One line buried in a Wall Street Journal story is making the rounds as the latest evidence of Apple (NSDQ: AAPL) iPad power: Best Buy CEO Brian Dunn “said internal estimates showed that the iPad had cannibalized sales from laptop PCs by as much as 50 percent.” By the time I first saw the news nugget being tweeted, that had morphed into “by 50 percent” — and conclusion jumping was in Olympic form.
The instant assumption: Buyers are choosing iPads over laptops. The truth: Yes, no and maybe. From an anecdotal basis as someone often asked to help others with tech spending decisions, people who need computing power and features that aren’t on the iPad go with laptops (Mac or PC), while the iPad is an answer for people who own a computer for the heavy lifting and are attracted to the sleek, light device with its instant-on apps. Then there are those who don’t want a computer in the full-blown sense but like the cross between a net appliance, DVD player and e-reader. (A young niece turned down the possibility of an iPad for the even more portable iPod Touch.) In most cases, money plays a role.
As for Best Buy, it’s not at all clear what this means on a large scale. Until Sept.26, when it expands chain wide, Best Buy has been selling iPads online for in-store pickup and in 673 of its stores. Supplies have been limited. Dunn told analysts on an earnings call earlier this week that “some of the constrained availability of iPad early on in the quarter definitely impacted our share.” That was in response to an analyst who asked about Best Buy’s chances to improve market share “as we think about strong sales of iPad continuing and perhaps cannibalizing the overall PC category.”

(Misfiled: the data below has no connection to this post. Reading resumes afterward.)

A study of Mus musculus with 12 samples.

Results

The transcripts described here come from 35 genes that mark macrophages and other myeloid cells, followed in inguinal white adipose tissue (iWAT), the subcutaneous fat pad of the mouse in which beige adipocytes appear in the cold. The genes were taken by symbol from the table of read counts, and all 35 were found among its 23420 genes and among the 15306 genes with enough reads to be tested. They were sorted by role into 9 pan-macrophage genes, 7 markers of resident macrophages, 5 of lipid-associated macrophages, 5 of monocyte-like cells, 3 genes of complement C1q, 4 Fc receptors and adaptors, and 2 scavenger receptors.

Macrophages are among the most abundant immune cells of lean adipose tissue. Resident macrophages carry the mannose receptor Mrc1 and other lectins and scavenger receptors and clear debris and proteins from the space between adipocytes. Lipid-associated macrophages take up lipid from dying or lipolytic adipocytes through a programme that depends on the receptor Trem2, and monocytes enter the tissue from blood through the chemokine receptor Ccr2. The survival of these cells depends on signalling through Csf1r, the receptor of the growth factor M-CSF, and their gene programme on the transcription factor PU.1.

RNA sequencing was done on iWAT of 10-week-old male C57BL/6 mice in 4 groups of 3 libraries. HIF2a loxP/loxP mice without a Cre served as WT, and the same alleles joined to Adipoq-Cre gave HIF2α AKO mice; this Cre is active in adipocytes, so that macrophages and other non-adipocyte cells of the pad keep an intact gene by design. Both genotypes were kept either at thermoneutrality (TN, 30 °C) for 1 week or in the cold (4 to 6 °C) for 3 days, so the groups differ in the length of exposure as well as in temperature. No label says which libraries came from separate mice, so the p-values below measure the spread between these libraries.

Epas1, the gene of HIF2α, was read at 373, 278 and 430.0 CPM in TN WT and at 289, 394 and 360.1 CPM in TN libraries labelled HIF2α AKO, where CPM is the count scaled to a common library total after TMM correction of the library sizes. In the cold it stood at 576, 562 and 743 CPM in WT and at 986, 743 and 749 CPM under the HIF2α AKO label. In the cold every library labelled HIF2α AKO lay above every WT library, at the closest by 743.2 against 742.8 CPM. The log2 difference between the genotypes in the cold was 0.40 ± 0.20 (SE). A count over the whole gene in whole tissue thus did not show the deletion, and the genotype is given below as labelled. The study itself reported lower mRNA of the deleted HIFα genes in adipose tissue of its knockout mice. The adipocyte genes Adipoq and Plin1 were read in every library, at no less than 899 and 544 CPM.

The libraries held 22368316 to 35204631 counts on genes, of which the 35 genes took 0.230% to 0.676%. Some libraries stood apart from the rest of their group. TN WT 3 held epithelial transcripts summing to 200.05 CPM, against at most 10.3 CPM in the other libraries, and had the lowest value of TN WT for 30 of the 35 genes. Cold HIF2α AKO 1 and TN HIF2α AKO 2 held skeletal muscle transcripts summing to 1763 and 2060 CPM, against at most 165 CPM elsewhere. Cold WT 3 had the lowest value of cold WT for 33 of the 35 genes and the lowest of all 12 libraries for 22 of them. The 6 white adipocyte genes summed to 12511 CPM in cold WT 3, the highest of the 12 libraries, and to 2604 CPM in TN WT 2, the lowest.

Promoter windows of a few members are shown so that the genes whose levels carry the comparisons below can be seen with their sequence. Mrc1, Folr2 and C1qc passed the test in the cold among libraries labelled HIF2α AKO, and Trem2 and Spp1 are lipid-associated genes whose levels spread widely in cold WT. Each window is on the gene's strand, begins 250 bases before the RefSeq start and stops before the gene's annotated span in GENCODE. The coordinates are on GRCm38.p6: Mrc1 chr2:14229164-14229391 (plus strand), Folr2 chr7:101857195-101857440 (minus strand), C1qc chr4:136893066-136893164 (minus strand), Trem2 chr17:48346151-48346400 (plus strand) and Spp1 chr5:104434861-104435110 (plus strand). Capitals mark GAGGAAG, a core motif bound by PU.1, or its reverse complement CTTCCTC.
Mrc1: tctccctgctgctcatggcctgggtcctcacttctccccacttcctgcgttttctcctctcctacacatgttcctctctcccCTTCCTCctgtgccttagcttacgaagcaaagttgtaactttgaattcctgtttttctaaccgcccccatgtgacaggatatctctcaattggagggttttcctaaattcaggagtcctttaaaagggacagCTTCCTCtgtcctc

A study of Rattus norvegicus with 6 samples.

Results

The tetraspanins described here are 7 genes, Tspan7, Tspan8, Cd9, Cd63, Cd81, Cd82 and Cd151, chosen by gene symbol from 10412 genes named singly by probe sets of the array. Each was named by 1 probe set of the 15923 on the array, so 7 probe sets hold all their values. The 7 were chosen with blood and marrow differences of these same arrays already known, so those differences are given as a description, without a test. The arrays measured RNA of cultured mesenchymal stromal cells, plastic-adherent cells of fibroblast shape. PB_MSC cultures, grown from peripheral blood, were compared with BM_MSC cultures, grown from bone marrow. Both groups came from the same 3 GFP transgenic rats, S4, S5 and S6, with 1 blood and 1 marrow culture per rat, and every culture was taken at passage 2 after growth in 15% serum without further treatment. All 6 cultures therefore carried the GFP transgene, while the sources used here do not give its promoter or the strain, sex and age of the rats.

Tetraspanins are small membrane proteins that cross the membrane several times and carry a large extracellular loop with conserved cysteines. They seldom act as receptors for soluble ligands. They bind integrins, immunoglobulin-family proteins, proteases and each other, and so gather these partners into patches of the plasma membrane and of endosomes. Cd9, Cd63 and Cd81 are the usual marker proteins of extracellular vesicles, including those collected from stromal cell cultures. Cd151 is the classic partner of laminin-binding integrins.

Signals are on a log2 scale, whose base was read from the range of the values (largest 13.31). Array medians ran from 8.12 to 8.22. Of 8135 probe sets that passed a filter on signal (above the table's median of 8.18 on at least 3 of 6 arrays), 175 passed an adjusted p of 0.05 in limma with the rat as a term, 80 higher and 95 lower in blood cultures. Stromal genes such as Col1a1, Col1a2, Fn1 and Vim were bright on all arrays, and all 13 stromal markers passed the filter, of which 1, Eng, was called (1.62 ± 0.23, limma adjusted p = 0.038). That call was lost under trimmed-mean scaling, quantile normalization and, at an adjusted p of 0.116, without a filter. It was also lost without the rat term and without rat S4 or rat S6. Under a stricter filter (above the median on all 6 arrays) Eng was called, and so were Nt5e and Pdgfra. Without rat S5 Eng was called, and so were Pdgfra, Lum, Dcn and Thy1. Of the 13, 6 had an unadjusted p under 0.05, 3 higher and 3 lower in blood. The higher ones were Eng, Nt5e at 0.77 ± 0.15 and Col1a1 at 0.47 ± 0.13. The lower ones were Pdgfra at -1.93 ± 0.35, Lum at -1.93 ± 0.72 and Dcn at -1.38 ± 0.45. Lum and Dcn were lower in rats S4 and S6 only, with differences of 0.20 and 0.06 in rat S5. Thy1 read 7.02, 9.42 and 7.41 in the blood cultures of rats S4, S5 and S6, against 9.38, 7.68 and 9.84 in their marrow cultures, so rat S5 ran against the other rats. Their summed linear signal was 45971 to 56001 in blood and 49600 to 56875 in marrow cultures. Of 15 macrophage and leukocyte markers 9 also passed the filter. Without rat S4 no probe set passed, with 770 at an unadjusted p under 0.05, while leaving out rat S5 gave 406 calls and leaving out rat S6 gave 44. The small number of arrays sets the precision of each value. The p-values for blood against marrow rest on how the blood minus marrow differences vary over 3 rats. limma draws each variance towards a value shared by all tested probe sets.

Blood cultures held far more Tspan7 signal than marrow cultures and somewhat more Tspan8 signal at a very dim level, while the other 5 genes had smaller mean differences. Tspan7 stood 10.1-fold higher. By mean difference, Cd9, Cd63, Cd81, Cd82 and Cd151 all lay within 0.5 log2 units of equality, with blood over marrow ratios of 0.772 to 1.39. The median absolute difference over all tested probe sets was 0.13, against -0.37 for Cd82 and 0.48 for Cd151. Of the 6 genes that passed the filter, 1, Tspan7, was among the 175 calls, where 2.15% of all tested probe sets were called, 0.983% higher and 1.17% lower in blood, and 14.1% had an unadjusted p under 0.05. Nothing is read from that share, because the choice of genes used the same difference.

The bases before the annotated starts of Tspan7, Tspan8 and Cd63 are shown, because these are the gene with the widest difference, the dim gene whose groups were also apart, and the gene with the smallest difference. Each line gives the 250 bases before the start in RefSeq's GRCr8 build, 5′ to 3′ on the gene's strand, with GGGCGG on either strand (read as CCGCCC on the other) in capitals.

We don’t know store-to-store comps or overall numbers. We don’t know when iPad sales will hit a wall while people wait for the next iteration or if the iOS 4.2 update due in November will be a spark. We do know that Best Buy is counting on sales of tablets, led by iPad, and e-readers (Amazon (NSDQ: AMZN) Kindle, Barnes & Noble (NYSE: BKS) Nook, Sony) to help second-half sales, along with 3D and IPTV. We also know there isn’t anything new and incredibly exciting to sell when it come to laptops. (If you need proof, try a Best Buy store. The last times I’ve checked, the bulk of the PCs were either netbooks or serviceable 15″ screens and up.)
Will tablets erode laptop sales? Yes, but this iPad isn’t the one that will replace laptops.
Update: I’m not trying to throw any doubt on the numbers from Best Buy or its CEO. My aim was at the conclusion jumping based on that comment. There are other factors in play here — changes in consumer buying patterns, overall, whether people pushed up purchases for Windows 7, whether people buying iPads as laptop replacements are sticking with that.
On the quantitative side, this morning Philip Elmer-DeWitt posted a chart from Morgan Stanley’s Katy Huberty, drawing on data from NPD that showed a 4 percent drop in notebook sales in August — the first time it’s gone negative — and that other data shows the same for the first week in September. That’s graphed against the iPad launch announcement and the actual launch. She suggests tablet cannibalization as one reason.